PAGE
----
Arthur and the Ego Chamber
SIR ARTHUR was lost in his own world, as usual. The last time I saw Arthur C. Clarke, the visionary author of 2001: A Space Odyssey, his hearing had gone.
This columnist was interviewing him on stage in Sri Lanka last year. I shrieked each question into his left ear until I was red-faced. But he misheard everything I said.
The result was that (a) the audience got a good laugh at the total disconnect between what I asked and what he replied, and (b) Arthur ended up ignoring me and talking about whatever came into his head, which was a darn sight more interesting for all concerned.
Sir Arthur, who died [on March 19th], had a wicked sense of humour. Talking about claims that UFOs regularly visit this planet, he said: “They tell us absolutely nothing about intelligence elsewhere in the universe, but they do prove how rare it is on Earth.”
He first approached my family in 1956, when he was diving addict hanging out on Unawatuna beach on the south coast of Ceylon. He wanted my father, a newspaperman, to print something he had written. The stuff was bizarre, mind-boggling and unrealistic, but kind of fun – so my Dad agreed.
Good call. To be brutally honest, Arthur wrote some of the most forgettable human characters in literary history, but his non-human ones (such as HAL 9000 the computer) were absolutely riveting.
Our families became friends. His house in Colombo was famous for three reasons. It had a satellite dish on top, long before anyone knew what a large metal dinner plate on one’s roof could do. It had its own elevator—an unheard-of luxury in a private home. And there was his souvenir-filled study, which he called The Ego Chamber. “This is a bit of a spaceship, and here’s a chunk of the moon,” he would say, holding up items from his shelf.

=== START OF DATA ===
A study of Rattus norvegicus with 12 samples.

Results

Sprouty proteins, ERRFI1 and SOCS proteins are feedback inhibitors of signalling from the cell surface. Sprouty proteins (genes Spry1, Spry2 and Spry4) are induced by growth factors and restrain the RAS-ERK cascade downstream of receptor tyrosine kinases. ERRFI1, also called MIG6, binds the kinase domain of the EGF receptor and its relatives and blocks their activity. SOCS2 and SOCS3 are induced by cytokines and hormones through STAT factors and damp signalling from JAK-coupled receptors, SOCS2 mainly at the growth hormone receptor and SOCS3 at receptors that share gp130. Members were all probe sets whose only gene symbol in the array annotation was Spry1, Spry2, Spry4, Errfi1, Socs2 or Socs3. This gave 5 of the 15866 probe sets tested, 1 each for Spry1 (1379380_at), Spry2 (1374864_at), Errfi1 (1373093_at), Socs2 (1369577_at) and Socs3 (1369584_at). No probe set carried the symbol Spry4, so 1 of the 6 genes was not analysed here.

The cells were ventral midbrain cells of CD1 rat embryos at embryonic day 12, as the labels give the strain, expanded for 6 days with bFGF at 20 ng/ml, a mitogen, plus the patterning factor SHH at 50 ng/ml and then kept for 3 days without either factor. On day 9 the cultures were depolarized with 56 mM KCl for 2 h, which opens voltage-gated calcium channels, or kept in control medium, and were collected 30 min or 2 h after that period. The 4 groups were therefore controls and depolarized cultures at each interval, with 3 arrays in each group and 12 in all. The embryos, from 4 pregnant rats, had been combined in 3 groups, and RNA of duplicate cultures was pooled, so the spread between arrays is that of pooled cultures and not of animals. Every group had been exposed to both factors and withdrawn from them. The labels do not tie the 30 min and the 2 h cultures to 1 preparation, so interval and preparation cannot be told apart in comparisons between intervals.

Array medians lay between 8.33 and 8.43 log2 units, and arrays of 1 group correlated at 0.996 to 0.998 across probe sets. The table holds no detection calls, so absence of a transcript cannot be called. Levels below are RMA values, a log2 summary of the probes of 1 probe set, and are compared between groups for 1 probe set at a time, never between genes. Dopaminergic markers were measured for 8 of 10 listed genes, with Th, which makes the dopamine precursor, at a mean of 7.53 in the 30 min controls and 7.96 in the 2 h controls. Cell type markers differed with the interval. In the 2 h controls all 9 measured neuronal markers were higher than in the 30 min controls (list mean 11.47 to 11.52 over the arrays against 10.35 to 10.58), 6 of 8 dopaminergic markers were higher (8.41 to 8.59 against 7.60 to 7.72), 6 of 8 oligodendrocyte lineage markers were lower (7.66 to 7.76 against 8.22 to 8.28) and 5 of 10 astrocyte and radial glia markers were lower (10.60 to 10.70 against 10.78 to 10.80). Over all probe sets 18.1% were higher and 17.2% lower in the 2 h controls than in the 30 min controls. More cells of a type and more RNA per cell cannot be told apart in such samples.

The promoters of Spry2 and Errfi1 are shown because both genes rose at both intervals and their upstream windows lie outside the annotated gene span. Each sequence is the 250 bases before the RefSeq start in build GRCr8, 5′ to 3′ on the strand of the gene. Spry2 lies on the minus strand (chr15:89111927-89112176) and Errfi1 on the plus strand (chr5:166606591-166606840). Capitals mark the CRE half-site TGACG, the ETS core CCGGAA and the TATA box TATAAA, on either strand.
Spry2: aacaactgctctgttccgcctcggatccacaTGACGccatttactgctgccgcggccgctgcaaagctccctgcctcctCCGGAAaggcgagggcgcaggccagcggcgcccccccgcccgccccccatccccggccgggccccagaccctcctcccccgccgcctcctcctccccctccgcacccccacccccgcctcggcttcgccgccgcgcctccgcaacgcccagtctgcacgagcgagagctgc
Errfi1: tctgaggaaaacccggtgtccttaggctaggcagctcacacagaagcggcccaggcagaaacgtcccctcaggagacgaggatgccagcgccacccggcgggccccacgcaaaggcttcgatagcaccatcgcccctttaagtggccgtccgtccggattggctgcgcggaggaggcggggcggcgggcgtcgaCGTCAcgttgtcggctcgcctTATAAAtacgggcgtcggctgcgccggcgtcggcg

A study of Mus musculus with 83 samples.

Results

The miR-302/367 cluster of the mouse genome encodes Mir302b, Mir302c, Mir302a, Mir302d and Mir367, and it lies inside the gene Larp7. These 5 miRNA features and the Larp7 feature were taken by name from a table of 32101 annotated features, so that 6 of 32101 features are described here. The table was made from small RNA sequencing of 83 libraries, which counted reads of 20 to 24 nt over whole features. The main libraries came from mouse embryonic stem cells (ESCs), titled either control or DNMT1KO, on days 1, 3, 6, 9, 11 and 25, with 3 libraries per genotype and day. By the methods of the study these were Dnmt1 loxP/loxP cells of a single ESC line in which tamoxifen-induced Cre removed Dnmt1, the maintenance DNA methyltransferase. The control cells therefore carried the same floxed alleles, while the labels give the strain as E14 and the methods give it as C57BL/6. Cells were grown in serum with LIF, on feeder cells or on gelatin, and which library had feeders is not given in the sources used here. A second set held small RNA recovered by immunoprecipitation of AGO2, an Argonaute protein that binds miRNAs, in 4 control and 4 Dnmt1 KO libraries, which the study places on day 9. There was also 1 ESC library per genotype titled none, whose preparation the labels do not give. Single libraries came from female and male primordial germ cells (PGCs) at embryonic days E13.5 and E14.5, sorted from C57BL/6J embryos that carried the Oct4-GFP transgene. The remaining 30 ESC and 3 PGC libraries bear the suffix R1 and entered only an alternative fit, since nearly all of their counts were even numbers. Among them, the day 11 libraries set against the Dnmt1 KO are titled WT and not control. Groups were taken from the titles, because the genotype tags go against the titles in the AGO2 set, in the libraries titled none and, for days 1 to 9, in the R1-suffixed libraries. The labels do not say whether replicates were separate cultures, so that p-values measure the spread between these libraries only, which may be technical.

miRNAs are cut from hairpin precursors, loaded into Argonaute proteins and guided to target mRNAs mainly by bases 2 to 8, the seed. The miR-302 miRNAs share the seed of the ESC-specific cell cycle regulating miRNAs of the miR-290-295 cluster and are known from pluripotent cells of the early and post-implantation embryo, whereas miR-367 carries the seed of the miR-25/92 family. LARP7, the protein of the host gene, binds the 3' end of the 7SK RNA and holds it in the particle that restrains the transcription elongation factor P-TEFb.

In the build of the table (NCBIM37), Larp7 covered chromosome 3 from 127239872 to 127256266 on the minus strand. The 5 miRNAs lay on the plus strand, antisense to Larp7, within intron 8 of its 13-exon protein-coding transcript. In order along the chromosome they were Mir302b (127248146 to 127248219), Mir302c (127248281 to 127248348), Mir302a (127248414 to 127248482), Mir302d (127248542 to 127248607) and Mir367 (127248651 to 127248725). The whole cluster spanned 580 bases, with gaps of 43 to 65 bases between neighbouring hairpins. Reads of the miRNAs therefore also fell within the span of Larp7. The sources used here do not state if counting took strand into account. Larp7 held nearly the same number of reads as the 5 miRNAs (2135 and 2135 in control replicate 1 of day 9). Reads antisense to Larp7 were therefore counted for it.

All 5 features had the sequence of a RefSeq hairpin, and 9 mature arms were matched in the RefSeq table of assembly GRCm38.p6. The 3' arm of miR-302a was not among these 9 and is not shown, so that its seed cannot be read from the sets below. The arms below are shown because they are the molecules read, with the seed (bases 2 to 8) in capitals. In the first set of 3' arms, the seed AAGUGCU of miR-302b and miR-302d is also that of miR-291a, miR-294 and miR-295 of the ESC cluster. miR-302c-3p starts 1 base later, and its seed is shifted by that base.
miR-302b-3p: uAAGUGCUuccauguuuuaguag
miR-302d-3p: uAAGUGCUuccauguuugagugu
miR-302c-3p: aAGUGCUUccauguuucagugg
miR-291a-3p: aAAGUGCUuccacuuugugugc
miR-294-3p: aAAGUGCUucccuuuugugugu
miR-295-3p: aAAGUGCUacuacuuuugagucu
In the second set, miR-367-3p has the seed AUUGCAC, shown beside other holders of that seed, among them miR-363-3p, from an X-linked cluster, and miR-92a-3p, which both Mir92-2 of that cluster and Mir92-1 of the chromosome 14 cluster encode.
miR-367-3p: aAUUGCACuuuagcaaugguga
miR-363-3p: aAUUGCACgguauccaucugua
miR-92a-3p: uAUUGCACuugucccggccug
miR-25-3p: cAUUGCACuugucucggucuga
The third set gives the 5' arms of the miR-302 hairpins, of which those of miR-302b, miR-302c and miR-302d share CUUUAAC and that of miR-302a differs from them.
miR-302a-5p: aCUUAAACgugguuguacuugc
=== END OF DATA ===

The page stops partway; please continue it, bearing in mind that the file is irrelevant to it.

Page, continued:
“Yeah, right,” we said, not knowing whether we dare believe him.
Clarke became totally Asian. He wore a sarong on his lower half and a Nehru jacket on his top half. His friends were all locals. He lived on curry.
But he never lost his sense of humour, which infected everyone. When US astronauts returned from the moon, one of them phoned him: “We want you to know that we were sorely tempted to call NASA and say, ‘Hey, Houston, we found this big black monolith thing on the dark side of the moon.’”
He took revenge on people who didn’t take him seriously. He revealed to everyone that the short story that became 2001: A Space Odyssey was written for the BBC, but was rejected.
And then there was his dig at a lawyer who gave him bad advice. Arthur famously came up with the concept of orbiting satellites. A lawyer friend thought the whole idea was too far-fetched and told him not to patent it. Arthur put this anecdote into an essay entitled How I Lost a Billion Dollars in My Spare Time.
At his birth anniversary party in December, Arthur C. Clarke told folk that it wasn’t his birthday. “It’s my 90th orbit of the sun,” he explained.
Goodbye, Arthur. We’ll miss you, but your tales will orbit forever.